What do you get when you mix a French crepe and a Russian blini?
A Crepini from Crepini Cafe!
I will admit, I had never heard of Crepinis until I met @CrepiniCafe on Twitter or their website CrepiniCafe.com. She started telling me about crepini, these delicious crepe-like foods she makes. Some are savory, some are sweet. All, she assured me, are delicious.
Then she let me try some.
She sent me two boxes: Greenwich Spinach Gourmet Crepes and Vishnya A La Russe Sour Cherry (a Silver Finalist in the 2009 NASFT sofi™ Award!), letting me try both the sweet dessert and savory crepini.
So What is a Crepini?
I think calling a crepini a cross between a filled crepe and a blini (Crepini Cafe’s own description) is a petty good description, but it’s doesn’t give you the full pictue.
For instance, that definition leaves out the masterwork that are the crepes themselves (which you can order without filling.) My crepini were shipped to Kansas, then frozen, then microwave thawed, and then cooked in a skillet. That’s pretty rough treatment, but still the crepes were very light and almost airy. Bonus points there.
The Greenwich Spinach crepes were filled with a mixture of spinach (organic spinach!) and feta cheese. They tasted like Greek spinach pastry, but in a much less heavy dough. I do wish the taste were a little more bold, but that’s hard to do without overflowing the pastry. So, all in all, they were good and something I would be proud to serve at a cocktail party.
On the other hand, the sour cherry crepini filling was just that: sour cherries. However, the cherries they use superior. They are a palate pleasing mixture of sweet and sour from the cherries with these little bursts of citrus that give the filling a deep, layered flavor. It’s no wonder they were a Silver Finalist!
If I had any word of caution, it’s the word I keep coming back to: light. Crepini are definitely light, as in don’t expect to feed a family of four on a single box, light. So, if you are going to serve them at a party, consider buying several boxes. Then again, with eight different types of crepes and crepini, buying several boxes shouldn’t be a problem.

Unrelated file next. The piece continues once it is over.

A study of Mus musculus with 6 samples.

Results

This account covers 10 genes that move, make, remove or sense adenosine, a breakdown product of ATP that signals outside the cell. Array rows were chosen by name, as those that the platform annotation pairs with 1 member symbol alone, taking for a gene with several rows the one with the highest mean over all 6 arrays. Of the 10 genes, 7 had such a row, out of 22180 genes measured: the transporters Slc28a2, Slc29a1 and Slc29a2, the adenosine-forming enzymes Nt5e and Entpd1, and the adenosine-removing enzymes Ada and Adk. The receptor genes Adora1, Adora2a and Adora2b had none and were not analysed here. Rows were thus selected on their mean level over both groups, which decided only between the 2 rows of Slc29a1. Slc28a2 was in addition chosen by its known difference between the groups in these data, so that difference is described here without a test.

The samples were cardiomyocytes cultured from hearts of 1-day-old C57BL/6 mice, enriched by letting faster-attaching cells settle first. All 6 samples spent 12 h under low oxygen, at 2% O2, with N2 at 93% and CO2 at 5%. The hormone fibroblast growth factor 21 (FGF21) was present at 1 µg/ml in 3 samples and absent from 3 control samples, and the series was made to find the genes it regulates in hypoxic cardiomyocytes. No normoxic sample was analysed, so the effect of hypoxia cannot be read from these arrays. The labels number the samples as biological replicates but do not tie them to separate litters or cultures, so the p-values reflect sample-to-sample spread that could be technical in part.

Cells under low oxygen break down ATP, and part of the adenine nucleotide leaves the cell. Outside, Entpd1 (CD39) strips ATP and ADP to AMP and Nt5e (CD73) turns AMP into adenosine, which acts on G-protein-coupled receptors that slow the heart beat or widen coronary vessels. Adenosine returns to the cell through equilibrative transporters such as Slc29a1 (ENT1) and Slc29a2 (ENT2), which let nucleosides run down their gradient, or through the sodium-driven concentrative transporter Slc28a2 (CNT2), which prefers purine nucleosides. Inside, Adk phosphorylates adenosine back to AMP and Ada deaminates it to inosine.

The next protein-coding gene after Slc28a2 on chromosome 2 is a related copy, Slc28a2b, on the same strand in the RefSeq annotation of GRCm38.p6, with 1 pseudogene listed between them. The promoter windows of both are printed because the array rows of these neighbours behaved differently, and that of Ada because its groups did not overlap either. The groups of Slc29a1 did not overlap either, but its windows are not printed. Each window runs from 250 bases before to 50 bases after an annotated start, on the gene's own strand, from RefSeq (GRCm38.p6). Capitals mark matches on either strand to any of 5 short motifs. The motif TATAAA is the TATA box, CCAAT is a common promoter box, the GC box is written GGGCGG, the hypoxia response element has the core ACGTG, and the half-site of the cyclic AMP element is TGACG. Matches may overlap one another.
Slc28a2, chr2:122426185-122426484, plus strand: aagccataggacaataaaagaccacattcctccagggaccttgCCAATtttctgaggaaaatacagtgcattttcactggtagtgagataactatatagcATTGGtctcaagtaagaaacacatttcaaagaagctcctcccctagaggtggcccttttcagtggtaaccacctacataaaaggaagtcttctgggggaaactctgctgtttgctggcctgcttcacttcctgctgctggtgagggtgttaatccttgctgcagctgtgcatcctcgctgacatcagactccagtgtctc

How to Make Them?
The recipes for making crepini are included on every box, but I had some thoughts. First, you have to thaw them, either by letting them stand at room temperature or do what I did and put them in the microwave.
After that, the directions say cook them in a skillet until the outsides are browned and the filling is warmed through. This works pretty well, though it should be pointed out that the crepes will get brown, not crispy. I was expecting crispy and nearly overcooked my crepini!
When I make them again, I won’t make that mistake. (Not sure what I was thinking in the first place.)
What I am going to do is thaw them at room temperature first. Then I might even microwave them for 60 seconds to cook the insides. Then I’ll melt a little butter and cook the crepini just long enough to brown the outsides. Then I’ll dig in. I’ll decide at that point if I am going to share. I’m thinking not.
In summary? In summary? What are you still doing reading the summary? 🙂
Go to CrepiniCafe.com and order a box or 10. They are ridiculoulsy affordable (we’re taking less than $7 for most varieties) and they are made from quality ingredients.
So try some for yourself and enjoy!
The Crepini picture was taken from the CrepiniCafe.com website.